Sanjay Leela Bhansali’s Gangubai Kathiawadi has been quite the topic of discussion among film critics and Indian households since its release. The film is based on the real life journey of Ganga Harjivandas, a woman who was sold into sex-work by her husband, and how she then rose to become the madame of Kamathipura, a part of the mafia and an advocate for sex-workers’ rights.
To be honest, when the teasers and trailers for Gangubai Kathiawadi began releasing, I was skeptical about Alia Bhatt playing Gangubai. As her long-standing fan, I almost felt a sense of nervousness for how she’d fare in the role. But I am happy to say, my skepticism was wiped out within the first 20 minutes of the film.
From the moment she’s introduced as Ganga Harjivandas, till the dreadful day she begins calling herself Gangu, Alia Bhatt’s body language and performance is so convincing and natural that the transition from Ganga to Gangu is seamless.
As we see Ganga coming to terms with her new profession, one thing is strikingly clear, how quickly she adapts to her circumstances. Especially through all the trauma and heartache. And this was depicted extremely well by Alia Bhatt. Specifically, in the scene where she begins standing outside the brothel with her colleagues, to recruit clients.
Then, in one of the most gripping parts of the plotline, when Gangu ends up defeating an abusive and grossly violent client, Bhatt took her acting skills one notch higher.
In that moment, it was required for Gangubai to come across as tactful yet also, well acquainted with the rage she felt for how she had been treated. It was one of those defining scenes that showed the tables turning, where Gangu was no longer going to accept disrespect, not even from her brothel’s madame, Sheela maasi. And boy oh boy, did Alia Bhatt convey the heck out of the mood and sentiment of the scene.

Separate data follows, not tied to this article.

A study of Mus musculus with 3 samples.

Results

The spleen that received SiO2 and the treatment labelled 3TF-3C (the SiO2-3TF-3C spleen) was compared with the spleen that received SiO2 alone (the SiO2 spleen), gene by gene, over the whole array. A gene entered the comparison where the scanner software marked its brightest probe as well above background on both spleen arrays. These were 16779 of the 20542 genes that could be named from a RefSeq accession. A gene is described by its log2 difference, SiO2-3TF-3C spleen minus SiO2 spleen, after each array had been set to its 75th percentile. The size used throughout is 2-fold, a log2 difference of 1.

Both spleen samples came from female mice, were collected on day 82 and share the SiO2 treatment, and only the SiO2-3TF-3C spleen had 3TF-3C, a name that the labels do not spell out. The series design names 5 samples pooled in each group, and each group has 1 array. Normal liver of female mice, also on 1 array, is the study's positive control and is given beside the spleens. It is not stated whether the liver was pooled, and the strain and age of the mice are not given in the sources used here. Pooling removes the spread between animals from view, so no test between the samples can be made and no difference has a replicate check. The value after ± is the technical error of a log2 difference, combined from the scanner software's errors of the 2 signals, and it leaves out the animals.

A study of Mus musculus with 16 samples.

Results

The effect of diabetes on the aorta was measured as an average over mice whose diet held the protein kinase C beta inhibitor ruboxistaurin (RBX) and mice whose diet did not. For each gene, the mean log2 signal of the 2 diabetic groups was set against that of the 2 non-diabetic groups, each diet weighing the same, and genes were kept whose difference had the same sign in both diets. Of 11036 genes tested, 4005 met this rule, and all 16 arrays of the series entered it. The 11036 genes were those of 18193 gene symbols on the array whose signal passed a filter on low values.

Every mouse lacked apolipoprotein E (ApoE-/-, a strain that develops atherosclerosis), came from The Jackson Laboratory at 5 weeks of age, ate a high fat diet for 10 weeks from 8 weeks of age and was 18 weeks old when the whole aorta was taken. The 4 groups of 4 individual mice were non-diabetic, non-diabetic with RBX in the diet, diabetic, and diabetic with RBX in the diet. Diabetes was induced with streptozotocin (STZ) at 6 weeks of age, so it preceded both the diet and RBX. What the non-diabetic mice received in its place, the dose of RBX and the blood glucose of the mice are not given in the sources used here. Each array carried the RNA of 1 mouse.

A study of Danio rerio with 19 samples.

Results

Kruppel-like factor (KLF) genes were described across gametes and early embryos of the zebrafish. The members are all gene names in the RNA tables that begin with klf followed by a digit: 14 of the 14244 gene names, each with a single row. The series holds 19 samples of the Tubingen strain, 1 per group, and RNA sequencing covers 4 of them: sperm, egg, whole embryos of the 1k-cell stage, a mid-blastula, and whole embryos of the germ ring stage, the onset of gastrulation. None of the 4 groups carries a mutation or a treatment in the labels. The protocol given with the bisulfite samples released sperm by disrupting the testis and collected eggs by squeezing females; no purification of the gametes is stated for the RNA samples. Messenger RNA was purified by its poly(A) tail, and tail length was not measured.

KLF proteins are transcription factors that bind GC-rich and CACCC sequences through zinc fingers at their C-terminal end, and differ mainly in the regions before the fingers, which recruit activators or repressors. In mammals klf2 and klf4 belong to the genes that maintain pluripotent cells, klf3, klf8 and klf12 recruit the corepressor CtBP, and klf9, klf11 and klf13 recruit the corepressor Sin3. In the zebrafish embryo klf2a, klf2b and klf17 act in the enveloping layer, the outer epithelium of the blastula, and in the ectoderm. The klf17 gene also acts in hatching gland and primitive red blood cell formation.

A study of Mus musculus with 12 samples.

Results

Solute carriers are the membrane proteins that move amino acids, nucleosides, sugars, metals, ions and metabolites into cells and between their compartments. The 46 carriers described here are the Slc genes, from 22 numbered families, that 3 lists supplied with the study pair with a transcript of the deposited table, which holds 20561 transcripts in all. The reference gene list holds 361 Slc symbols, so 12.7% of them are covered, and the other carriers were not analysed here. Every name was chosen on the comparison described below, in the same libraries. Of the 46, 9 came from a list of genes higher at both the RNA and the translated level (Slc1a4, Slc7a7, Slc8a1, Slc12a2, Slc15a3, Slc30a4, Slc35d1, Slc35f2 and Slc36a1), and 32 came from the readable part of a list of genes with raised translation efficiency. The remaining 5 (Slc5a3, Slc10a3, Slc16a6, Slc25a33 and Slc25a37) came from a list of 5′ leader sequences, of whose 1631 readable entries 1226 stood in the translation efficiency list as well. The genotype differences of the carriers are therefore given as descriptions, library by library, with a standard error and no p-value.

Not to mention, how delicately and strategically she played her political stand-off with Razia bai AKA Vijay Raaz.
And need we say anything about the incredibly moving speech she gave when she became the president of the Kamathipura district?
Alia Bhatt delivers a powerful monologue about how everyone deserves to live with self-respect and dignity. So much so, we’re now beginning to see this ‘Izzat se jeene ka kisi se darne ka nahin,‘ dialogue’s memes online.
And there was just something so compelling and influential about her body language in the scene where journalist and reporter Amin Faizi takes a photo of her with the children of her brothel.
In the later half of the film, Bhatt, as Gangubai, delivers a speech about sex workers’ rights, it’s almost as if she’s giving the audience a close look into the mind of Gangubai herself. And I think that’s a sign of good acting. When you feel like you know the character you’re being shown.
From the beginning till the end, when she was shown to sacrifice the love of her life and devote her entire life to the women around her, to bettering and protecting the lives of sex workers around her, Alia Bhatt shows up like nobody’s business.
She shows up as an actor and she simultaneously shows up as Gangubai, a feminist sex worker who proved that a victim can quickly turn into a protector. So, thank you Alia Bhatt for giving us Gangubai Kathiawadi.